An investment fund (the Lerner Fund) controlled by Randy Lerner, the owner of the Cleveland Browns, recently obtained a court order for the return of the remainder of its $40 million seed investment in a hedge fund (the Paige Fund) managed by Paige Capital Management LLC. After the expiration of the three year lock-up period, the Lerner Fund sought to redeem its full investment. The Paige Fund and its managers (the Paiges) refused to allow the full redemption and instead attempted to apply a “gate” provision in the Paige Fund’s partnership agreement that limited redemptions if they would cause more than 20% of the fund’s assets to be withdrawn. The Lerner Fund was the only investor in the fund other than a principal of the Paiges, and its redemption request, if honored, would have resulted in the withdrawal of 99.9% of the Paige Fund’s assets.

The Delaware Chancery Court ruled that the Paiges’ attempted use of the gate provision was improper on two independent grounds. First, the court ruled that the Lerner Fund’s withdrawal rights were not governed by the Paige Fund’s partnership agreement, but instead were governed by a separate seeder agreement between the parties that permitted withdrawal after the three-year lock-up period, without any gate. In doing so, the court rejected the Paiges’ argument that the gate provision in the partnership agreement controlled because the seeder agreement contained a provision specifically stating that it was not amending the partnership agreement “in any manner.” The court determined that the seeder agreement was not inconsistent with, or an amendment of, the partnership agreement, but rather was an agreement made pursuant to the partnership agreement’s grant of authority to the Paige Fund’s general partner to modify its terms relating to withdrawals for “certain large or strategic investors.”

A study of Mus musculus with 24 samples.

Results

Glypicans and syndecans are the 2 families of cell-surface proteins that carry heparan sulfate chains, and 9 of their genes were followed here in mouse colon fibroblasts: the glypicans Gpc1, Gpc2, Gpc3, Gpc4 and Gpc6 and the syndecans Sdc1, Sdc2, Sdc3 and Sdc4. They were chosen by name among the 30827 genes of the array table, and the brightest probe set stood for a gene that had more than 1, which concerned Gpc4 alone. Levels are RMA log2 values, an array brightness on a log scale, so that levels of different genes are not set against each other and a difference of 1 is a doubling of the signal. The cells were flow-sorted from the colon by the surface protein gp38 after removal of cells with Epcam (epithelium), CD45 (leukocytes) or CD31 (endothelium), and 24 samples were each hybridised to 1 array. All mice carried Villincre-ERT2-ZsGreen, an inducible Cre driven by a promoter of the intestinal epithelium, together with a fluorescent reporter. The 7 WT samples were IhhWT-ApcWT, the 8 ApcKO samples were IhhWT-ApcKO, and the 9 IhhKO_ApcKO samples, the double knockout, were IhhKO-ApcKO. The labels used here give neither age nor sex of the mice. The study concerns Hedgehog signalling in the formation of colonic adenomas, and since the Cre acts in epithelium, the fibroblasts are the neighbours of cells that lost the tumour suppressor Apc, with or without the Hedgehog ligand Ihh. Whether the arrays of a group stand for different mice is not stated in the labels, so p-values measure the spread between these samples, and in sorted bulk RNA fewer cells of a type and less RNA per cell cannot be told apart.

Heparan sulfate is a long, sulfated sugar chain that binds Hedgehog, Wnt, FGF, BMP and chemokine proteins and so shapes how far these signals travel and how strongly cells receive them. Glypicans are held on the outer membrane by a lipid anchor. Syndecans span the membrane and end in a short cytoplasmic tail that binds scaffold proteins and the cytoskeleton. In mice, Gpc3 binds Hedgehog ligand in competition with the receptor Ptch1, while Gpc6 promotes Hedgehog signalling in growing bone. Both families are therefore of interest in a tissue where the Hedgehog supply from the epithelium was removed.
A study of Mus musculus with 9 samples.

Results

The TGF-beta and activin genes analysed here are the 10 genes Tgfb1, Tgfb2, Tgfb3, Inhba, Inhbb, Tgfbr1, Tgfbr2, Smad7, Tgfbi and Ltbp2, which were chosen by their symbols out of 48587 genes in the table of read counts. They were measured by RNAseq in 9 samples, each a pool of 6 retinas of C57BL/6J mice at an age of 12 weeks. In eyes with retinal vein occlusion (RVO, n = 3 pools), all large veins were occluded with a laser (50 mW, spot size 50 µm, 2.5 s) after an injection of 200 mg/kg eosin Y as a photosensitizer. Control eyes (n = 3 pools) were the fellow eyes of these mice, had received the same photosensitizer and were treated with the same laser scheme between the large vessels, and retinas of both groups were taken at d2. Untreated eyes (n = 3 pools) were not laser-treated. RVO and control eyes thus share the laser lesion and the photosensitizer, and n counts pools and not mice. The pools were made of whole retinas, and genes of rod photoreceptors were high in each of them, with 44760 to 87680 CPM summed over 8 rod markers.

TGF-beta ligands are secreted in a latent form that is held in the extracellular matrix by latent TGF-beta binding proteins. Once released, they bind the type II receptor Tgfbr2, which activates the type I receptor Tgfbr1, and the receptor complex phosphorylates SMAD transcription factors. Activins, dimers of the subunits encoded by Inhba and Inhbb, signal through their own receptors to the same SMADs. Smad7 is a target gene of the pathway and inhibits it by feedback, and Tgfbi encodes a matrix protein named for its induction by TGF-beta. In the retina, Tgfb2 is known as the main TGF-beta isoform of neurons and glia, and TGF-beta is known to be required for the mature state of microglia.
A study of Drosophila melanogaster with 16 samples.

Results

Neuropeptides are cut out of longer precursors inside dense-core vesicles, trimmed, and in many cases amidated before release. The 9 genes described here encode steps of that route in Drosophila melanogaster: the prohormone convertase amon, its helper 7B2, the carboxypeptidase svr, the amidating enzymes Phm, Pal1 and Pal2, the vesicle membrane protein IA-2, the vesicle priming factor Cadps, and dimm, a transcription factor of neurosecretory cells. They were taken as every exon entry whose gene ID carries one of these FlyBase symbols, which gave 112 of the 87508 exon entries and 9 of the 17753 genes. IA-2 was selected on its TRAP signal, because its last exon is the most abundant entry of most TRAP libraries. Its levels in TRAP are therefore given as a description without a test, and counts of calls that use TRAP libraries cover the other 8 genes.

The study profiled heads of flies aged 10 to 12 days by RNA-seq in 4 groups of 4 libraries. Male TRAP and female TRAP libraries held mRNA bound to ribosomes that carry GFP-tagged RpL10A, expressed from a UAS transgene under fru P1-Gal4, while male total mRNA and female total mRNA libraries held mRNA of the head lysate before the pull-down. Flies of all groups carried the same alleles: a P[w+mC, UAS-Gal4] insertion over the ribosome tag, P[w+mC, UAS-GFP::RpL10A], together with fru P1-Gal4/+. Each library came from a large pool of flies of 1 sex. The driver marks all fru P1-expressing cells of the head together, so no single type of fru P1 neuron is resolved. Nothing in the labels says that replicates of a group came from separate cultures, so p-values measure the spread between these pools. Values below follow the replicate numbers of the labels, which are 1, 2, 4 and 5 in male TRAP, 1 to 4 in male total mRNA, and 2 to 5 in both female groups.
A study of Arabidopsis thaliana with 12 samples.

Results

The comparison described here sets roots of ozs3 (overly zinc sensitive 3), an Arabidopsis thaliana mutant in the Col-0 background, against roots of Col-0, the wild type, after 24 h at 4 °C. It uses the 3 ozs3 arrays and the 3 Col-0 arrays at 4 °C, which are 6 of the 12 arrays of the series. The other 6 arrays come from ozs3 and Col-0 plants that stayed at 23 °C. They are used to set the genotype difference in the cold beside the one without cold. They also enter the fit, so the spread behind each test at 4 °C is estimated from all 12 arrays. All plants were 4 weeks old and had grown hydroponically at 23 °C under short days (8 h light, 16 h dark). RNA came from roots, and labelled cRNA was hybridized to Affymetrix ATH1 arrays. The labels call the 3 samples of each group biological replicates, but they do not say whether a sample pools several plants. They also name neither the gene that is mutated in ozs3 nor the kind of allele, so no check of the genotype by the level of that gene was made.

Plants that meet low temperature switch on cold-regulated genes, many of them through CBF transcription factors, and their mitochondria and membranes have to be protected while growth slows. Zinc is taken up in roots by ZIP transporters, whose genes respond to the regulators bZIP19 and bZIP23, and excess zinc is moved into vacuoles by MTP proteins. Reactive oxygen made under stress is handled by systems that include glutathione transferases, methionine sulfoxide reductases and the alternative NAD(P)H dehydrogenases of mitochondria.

Second, the court ruled that even if the partnership agreement’s gate provision governed, it was a breach of fiduciary duty for the Paiges to impose the gate because it was utilized solely to protect the Paiges’ interests. The court ruled that because the Paige Fund had no outside investors to protect, and had not even introduced any evidence that its principal’s own $40 thousand dollar investment would be harmed by the withdrawal of the Lerner Fund’s investment, the imposition of the gate was nothing more than an improper attempt to continue obtaining management fees. The court also pointed out that the language in the partnership agreement giving the fund the “sole discretion” to determine whether to impose the gate did not alter the analysis or relieve the fund and its principals from exercising that discretion in a manner consistent with its fiduciary duties.  

 

Paige Capital Management, LLC v. Lerner Master Fund, LLC, C.A. No. 5502-CS (Del. Ch. Aug. 8, 2011).